Clark, Pampanga – The ASEAN Conference on Medicinal Forest Trees (AFCMT) plenary sessions were held on September 5, 2023, at Quest Plus Hotel, Clark, Pampanga. The four (4) themes of the conference were highlighted along with an additional topic on Kunming-Montreal Global Biodiversity Framework (KMBGF).
Dr. Pastor L. Malabrigo Jr., plant taxonomist from the University of the Philippines Los Baños (UPLB), was the invited speaker for the first theme titled “Taxonomy and Ecology of Medicinal Forest Trees and Non-Timber Species Inside the Forest”. He discussed the Diversity and Conservation Status of Medicinal Trees in the Philippines, emphasizing the limited medicinal plant research in the Philippines. He also stated that most studies are focused on documenting medicinal plants and uses in a particular community or regarding a specific disease. Dr. Malabrigo stressed that the Philippines is blessed with abundant natural resources; however, opportunities are lost by not utilizing these. The underutilization of native species decreases their value for conservation, which increases the risk of extinction. As a way forward, Dr. Malabrigo encouraged the participants, especially those from the Philippines, to intensify research and development on native medicinal trees, foster collaboration within universities and research institutions, and promote the conservation of indigenous medicinal trees.
Dr. Lourdes B. Cardenas, botanist from UPLB, discussed the Biotechnology of Medicinal Forest Trees and Associated Plant Species for the theme “Roles and Importance of Biotechnology”. She highlighted the application of biotechnology for bioactives, which aids in plant conservation, the study of plant processes, the optimization of inherent properties of plants, and plant improvement. “ASEAN share this beautiful area, rich in biodiversity. If we do not have these, there is nothing to work on,” Dr. Cardenas reiterated.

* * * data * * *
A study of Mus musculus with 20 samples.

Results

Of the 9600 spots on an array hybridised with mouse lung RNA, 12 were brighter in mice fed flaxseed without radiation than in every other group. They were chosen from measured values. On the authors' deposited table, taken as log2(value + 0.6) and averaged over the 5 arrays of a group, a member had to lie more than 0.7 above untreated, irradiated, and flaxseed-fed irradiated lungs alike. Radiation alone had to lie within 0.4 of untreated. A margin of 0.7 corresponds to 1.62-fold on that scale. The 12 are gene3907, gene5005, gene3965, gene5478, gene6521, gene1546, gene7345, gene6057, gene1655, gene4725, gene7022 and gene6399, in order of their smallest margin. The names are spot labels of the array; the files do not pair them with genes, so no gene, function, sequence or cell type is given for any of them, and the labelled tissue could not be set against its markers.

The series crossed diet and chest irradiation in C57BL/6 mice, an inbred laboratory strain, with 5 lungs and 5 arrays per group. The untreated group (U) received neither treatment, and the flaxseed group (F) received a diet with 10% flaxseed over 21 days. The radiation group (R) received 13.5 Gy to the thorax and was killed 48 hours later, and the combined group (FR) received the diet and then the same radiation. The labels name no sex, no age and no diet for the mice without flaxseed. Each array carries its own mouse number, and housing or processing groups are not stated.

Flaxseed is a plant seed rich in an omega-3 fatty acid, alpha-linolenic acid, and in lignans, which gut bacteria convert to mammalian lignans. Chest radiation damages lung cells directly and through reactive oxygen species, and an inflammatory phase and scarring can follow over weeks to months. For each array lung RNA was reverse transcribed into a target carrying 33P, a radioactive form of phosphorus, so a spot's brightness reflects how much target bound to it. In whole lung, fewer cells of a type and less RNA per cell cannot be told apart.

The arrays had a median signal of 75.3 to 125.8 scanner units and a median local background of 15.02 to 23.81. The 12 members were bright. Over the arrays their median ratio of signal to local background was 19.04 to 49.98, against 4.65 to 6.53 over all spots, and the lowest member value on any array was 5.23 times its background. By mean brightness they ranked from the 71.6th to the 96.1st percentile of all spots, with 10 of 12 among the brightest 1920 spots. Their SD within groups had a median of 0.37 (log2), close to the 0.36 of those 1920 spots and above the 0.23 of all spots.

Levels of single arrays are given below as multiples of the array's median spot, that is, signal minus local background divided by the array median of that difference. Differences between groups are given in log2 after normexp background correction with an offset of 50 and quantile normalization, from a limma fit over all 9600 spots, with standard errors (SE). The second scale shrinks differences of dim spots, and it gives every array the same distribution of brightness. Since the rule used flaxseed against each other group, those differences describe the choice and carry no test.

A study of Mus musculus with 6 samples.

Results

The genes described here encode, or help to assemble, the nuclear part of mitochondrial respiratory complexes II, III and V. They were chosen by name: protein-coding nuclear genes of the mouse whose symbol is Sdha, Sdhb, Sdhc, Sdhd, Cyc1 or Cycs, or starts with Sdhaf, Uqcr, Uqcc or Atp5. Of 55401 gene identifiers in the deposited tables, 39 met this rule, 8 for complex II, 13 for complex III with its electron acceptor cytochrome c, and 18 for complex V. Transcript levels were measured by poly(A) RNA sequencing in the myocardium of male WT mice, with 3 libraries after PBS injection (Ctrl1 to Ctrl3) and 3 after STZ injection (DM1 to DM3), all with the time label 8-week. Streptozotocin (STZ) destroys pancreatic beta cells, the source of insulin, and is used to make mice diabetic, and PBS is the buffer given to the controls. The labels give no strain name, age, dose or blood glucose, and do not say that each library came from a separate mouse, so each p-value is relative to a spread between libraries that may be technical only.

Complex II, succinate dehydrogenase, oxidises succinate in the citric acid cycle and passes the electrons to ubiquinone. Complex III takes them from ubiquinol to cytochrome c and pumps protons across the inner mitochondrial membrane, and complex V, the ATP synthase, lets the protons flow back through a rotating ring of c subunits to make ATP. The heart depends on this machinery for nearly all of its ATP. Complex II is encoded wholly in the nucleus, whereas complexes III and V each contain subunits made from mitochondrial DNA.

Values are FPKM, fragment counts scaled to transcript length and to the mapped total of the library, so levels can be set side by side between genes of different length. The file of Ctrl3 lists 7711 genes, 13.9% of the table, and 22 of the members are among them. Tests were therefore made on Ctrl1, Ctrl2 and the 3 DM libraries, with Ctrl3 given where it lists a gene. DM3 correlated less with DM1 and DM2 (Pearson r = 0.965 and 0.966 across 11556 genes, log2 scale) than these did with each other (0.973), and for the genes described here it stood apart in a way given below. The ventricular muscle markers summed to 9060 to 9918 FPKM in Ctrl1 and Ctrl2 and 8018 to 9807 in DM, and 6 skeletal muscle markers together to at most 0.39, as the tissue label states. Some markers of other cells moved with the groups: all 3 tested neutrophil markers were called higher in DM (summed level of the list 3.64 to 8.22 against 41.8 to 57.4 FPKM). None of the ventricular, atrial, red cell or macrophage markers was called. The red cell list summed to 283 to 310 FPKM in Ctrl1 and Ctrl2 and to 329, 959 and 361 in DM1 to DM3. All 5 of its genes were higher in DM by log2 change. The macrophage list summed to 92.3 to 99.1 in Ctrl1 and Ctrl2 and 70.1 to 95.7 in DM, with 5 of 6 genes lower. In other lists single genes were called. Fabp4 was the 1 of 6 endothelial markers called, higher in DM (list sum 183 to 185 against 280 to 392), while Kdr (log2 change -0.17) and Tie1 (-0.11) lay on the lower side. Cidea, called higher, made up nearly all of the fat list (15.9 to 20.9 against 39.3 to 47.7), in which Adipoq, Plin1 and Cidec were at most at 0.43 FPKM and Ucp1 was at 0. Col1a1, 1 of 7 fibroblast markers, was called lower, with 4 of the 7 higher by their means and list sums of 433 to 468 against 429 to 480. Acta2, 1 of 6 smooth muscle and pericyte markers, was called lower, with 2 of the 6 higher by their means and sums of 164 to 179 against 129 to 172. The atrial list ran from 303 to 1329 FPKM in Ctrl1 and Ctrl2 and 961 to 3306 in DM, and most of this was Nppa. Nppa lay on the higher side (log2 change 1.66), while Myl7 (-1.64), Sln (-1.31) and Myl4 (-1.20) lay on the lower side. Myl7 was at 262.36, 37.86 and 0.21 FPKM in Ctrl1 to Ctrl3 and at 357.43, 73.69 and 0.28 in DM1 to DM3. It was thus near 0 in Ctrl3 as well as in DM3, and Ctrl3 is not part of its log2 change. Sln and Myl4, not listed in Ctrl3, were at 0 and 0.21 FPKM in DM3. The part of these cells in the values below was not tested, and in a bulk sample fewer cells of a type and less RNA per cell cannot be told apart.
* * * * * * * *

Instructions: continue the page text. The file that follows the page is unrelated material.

Philippine Institute of Traditional and Alternative Health Care (PITAHC) Special Operations Officer, Ms. Ma. Teresa M. Torres, presented Medicinal Forest Trees: Indigenous Knowledge, Systems, and Practices for the theme “Indigenous and Traditional Knowledge Systems”. She highlighted the threats to healing traditions, focusing on habitat loss and the onslaught of mainstream culture. She also reiterated the urgency of documenting several factors that have endangered the continuity of the identified traditions. Ms. Torres also stated that traditional knowledge research is vital for policy development and implementation of the strategic health plan.
For the last theme titled “Policy Studies on Medicinal Forest Trees and Non-Timber Species Inside the Forest”, Food and Drug Administration (FDA) Director Ms. Jesusa Joyce N. Cirunay discussed her presentation titled Regulation of Traditional Medicines in the Philippines. She introduced the FDA as the national regulatory authority. She emphasized the importance of conducting clinical trials, especially for traditional and herbal medicines. She closed her presentation by stating that traditional medicines are essential for preserving cultural heritage, offering holistic approaches to health, and providing accessible and often affordable healthcare options for individuals seeking diverse and accessible healthcare choices. “Collaboration among practitioners, regulators, and healthcare professionals is essential for this delicate balance,” Ms. Cirunay added.
Mr. Anson M. Tagtag, Chief of the Wildlife Resources Division of the Biodiversity Management Bureau (BMB), discussed the Overview of the Kunming-Montreal Global Biodiversity Framework (KMBGF) as an additional topic. He discussed the timeline and milestones of the project and its goals. As a way forward, he suggested expediting the updating of the Philippine Biodiversity Strategy and Action Plan (PBSAP) and developing a national biodiversity finance plan (NBFP). “The Framework presents an ambitious target on biodiversity which will serve as the world’s guide for actions to be taken at all levels to safeguard, restore biodiversity, and promote its sustainable use under 23 targets to be achieved by 2030 and towards four long-term goals for 2050,” Mr. Tagtag stated.
Participants were given the chance to ask questions to the plenary speakers during the open forum in between the presentations. The first day of the program concluded with the awarding of certificates to the speakers.